Whenever the BLS posts their monthly CPI there's always the same response from critics that the index is flawed. That's fine. I think a healthy dose of skepticism regarding government data is perfectly good. So let's take a look at some independent gauges to see where prices are.
According to MIT's Billion Prices Project inflation is running about 1.7% almost perfectly in-line with the BLS:
The ECRI's Future Inflation Gauge is showing prices at a bit higher level. The index was up to 104 from 98.9 last December. That's a 5.2% increase. Not exactly in-line with the BLS data.
The Orcam Housing Adjusted Price Index was at 2.84% on the month. That's a bit higher than the BLS data, but not far off.
Meanwhile, hourly earnings are near their lows at just 1.7%:
The ISM Manufacturing Survey showed a faster rise in prices to a level of 55.5 from 52.5. But it's important to note that this is a diffusion index so prices are relatively benign when kept in perspective.
What about food prices? According to the GAO food prices are actually deflating year over year at a rate of -0.7%.
What about global inflation? They're almost universally in a disinflation:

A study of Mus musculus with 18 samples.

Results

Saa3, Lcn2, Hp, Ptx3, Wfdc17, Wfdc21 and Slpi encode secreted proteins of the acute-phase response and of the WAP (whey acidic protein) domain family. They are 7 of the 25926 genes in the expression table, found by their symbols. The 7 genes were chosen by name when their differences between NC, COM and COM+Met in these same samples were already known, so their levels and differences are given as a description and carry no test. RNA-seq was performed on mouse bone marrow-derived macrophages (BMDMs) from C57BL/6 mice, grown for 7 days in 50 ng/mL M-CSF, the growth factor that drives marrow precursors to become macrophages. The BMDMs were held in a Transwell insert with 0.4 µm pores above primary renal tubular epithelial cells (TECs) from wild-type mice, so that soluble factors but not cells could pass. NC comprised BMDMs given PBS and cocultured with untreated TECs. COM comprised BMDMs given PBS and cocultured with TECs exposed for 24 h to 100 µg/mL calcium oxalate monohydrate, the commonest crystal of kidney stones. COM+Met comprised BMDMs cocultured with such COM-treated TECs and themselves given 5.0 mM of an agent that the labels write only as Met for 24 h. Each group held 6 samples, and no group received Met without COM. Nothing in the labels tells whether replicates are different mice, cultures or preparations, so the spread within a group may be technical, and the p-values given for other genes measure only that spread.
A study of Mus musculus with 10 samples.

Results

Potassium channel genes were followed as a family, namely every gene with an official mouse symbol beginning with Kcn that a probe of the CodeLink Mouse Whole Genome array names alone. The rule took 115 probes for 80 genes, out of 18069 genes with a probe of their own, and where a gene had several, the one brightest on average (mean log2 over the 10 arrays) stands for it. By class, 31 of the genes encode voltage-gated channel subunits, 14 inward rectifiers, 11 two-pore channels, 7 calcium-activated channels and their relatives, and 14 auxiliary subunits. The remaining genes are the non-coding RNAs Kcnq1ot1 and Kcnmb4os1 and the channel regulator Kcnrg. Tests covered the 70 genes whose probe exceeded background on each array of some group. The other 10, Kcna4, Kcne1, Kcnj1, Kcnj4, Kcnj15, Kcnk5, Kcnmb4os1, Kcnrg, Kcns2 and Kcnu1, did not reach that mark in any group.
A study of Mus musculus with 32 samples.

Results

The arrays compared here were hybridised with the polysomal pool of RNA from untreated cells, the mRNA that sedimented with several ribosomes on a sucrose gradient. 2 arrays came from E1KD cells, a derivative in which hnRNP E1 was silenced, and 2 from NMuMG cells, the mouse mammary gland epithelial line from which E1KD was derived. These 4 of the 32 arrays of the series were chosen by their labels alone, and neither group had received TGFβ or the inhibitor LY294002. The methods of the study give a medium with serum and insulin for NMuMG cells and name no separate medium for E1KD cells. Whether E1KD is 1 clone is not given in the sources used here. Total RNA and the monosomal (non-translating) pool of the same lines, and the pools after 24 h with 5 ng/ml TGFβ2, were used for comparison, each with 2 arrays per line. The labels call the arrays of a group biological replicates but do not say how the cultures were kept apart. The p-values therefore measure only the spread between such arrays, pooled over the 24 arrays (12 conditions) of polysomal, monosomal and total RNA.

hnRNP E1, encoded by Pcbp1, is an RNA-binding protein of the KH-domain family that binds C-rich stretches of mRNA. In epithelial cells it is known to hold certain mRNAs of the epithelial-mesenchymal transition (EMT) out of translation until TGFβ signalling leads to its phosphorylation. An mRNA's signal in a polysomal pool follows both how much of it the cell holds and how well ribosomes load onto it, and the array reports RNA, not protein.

Even ShadowStats, who has been wrong about hyperinflation for 5 years running, is registering their ShadowStats Alternate index at just above 5%. And that's certain to be on the high end of the inflation readings which means, even in the worst case scenario, inflation is about 1.5% above its historical average.
I think it's healthy to remain skeptical of the BLS data. Their readings are definitely on the low end of the spectrum presented here. But I think it's also clear that they're probably not far off from the true rates of inflation as most of these readings average out to something resembling the Orcam Housing Adjusted Price Index more than anything else. All in all, the price data is fairly benign. Certainly nothing worth panicking over.